Nuclear Weapons: Good or Bad?

Reaction Paper: Nuclear Weapons – Danger or Necessity? The use of nuclear weapons has been under much debate from the moment the world witnessed their destructive power. As seen in Hiroshima and Nagasaki, the aftermath left by these weapons is utter chaos, having a profound effect on both victims and witnesses lives. However, author Kenneth N. Waltz advocates the necessity of nuclear weapons as a balance of power between countries.
Another author, Robert S. McNamara stands in favor of eliminating nuclear weapons for good, bringing reassurance of peace for a fearful world. As debates over nuclear weapon use rage on, the threat is still present and must be handled carefully to avoid a man made apocalypse. McNamara and his stance on eliminating nuclear weapons is sensible, primarily due to the common man and woman agreeing with his logic.
Nuclear weapons in today’s world have no purpose but to scare opposing countries from complete warfare, a purpose that hopefully stays that way. While they were an everyday occurrence during the cold war years, concerns with the growth of existing nuclear stockpiles are no longer front page news. In an era where the security agenda is topped by fighting terrorism, we are more worried that terrorist organizations or rogue regimes might acquire nuclear weapons and inflict unspeakable damage to the targeted countries.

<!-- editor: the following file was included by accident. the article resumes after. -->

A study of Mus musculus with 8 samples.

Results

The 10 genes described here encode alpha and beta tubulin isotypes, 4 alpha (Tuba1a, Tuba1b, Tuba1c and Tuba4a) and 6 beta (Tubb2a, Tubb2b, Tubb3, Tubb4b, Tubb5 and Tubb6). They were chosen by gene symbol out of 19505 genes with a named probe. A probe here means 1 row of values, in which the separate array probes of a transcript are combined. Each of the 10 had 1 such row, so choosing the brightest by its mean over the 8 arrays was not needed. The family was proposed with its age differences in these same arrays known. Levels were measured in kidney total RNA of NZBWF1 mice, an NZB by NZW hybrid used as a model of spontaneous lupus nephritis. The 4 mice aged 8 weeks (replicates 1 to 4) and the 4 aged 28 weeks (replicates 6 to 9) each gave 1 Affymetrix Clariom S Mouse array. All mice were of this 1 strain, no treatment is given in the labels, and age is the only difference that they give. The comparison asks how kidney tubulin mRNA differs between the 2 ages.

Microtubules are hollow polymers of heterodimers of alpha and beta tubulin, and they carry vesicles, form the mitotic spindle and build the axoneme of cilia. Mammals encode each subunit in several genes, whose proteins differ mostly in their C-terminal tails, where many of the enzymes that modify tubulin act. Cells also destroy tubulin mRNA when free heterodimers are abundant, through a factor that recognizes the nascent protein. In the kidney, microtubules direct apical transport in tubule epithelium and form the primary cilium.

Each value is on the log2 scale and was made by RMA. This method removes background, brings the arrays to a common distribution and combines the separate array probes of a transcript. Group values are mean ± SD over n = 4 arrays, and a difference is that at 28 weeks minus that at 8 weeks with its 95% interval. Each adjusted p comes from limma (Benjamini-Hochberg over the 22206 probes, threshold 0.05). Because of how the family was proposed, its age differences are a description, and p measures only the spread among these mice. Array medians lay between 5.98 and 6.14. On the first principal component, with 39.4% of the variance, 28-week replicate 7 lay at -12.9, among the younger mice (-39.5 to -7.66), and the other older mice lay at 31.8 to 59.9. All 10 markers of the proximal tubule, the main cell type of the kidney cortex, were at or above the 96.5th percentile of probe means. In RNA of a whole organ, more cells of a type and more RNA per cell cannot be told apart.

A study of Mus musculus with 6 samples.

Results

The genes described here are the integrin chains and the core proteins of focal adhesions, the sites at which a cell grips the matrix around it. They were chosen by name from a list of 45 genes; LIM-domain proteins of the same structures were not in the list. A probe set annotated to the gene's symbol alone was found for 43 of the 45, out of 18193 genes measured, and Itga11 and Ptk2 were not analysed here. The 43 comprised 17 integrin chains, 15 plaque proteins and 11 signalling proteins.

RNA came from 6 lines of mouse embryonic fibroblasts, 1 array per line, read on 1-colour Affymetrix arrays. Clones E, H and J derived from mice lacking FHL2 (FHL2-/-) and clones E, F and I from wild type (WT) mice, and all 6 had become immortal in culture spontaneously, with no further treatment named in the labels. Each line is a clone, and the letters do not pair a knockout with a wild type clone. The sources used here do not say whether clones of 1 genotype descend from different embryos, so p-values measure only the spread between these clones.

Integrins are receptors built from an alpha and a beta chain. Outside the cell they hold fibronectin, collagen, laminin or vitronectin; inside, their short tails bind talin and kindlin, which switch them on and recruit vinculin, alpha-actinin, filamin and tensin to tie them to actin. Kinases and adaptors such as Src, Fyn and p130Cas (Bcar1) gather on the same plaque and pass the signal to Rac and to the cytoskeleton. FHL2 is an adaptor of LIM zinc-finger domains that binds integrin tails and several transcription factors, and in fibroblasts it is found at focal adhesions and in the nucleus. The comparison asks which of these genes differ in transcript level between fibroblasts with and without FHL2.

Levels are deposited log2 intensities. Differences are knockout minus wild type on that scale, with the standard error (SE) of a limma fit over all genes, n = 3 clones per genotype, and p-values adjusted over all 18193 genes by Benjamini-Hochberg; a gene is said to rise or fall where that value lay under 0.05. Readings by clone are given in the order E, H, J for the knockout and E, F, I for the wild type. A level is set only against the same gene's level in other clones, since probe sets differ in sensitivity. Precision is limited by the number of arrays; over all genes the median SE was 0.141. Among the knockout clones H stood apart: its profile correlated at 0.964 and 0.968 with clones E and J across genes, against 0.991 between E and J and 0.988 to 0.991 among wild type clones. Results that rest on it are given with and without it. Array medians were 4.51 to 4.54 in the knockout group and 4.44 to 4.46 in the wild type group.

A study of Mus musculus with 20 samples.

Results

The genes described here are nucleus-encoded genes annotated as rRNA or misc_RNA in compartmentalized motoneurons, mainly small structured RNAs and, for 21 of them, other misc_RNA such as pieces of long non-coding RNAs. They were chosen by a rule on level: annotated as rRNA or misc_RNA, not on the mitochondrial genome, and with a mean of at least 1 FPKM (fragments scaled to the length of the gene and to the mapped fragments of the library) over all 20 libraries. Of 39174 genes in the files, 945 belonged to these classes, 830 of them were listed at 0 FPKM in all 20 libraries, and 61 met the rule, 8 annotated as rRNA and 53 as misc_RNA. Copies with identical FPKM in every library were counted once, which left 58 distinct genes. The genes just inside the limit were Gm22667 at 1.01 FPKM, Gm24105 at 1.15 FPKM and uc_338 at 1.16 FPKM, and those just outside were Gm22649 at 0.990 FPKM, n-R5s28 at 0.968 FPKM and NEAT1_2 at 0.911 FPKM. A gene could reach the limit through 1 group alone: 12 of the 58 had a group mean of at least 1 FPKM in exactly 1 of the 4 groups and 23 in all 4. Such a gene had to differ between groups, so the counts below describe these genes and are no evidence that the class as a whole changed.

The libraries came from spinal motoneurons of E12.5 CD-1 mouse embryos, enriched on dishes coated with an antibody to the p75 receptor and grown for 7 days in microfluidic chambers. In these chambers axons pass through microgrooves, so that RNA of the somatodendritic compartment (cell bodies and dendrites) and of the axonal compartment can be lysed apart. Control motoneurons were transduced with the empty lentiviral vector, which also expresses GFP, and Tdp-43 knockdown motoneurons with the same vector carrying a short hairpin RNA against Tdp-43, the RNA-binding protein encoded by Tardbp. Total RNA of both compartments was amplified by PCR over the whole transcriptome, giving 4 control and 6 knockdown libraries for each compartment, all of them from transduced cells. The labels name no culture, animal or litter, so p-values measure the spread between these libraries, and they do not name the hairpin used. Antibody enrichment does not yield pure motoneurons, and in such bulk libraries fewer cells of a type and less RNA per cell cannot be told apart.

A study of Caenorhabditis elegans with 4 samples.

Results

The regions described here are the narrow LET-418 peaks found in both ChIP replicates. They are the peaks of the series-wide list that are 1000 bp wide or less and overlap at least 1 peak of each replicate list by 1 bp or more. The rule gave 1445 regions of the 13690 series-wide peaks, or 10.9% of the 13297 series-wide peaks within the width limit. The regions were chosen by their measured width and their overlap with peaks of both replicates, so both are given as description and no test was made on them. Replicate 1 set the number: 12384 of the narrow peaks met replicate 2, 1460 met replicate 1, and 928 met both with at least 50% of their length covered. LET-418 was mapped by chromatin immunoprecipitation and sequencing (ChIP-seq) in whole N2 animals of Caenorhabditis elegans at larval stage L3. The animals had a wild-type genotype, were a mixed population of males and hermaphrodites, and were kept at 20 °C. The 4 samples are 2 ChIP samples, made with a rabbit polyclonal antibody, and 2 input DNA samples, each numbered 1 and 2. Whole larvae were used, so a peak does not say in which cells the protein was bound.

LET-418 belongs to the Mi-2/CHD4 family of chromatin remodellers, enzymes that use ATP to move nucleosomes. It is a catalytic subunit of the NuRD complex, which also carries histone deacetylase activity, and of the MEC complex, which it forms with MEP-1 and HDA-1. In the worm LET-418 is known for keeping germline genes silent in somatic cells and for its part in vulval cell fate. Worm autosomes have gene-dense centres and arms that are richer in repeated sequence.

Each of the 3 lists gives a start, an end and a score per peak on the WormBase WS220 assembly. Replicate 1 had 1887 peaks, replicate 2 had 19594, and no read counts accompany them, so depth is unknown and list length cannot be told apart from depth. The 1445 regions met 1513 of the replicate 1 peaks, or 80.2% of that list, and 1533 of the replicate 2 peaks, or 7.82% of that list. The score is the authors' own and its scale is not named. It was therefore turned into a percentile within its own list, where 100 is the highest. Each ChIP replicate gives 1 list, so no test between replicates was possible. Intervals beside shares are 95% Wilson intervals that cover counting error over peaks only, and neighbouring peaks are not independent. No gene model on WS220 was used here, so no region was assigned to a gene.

McNamara argues that “The countries of the world should try to eliminate their nuclear arsenal because of the utter devastation these weapons can inflict on humanity” (p 147). McNamara also states that “By intensifying its efforts in sustaining, modernizing, and improving its nuclear stockpile while refusing to ratify the Comprehensive Test Ban Treaty, the United States sends a message that it is not serious about nuclear non-proliferation” (p 147).
In order for complete nuclear disarmament, all cards must be playing the same game. Kenneth Waltz is one of few advocators in favor of nuclear weapons, but he does have a solid argument. Leading scholars of international relations and policymakers share in the belief that the sheer destructiveness of nuclear weapons prevents them from being used by friends and foes alike. The deterrent effect of nuclear weapons is rooted in their possession rather than in their use.
Waltz argues that “Nuclear weapons make states cautious and less likely to engage in reckless behavior” (p 156). He also states that “While the enormous destructiveness of nuclear weapons makes them excellent weapons for defensive purposes-the weapons have no offensive rationale” (p 155). Though Waltz does not advocate widespread nuclear armament, he does submit that nuclear weapons are great contributors to stability in the international system.
After reading and analyzing the arguments of both authors, I take my stance with McNamara and his view toward eliminating nuclear weapons. Recently in an article on NY Times, the US and Russia agreed on a nuclear disarmament treaty that shows progress in eliminating nuclear weapons by dismantling the two biggest stockpiles of nuclear weapons in the modern world. This, I believe, is just the beginning of the end for nuclear weapons around the world which would keep humanity much safer and hopefully create long lasting peace.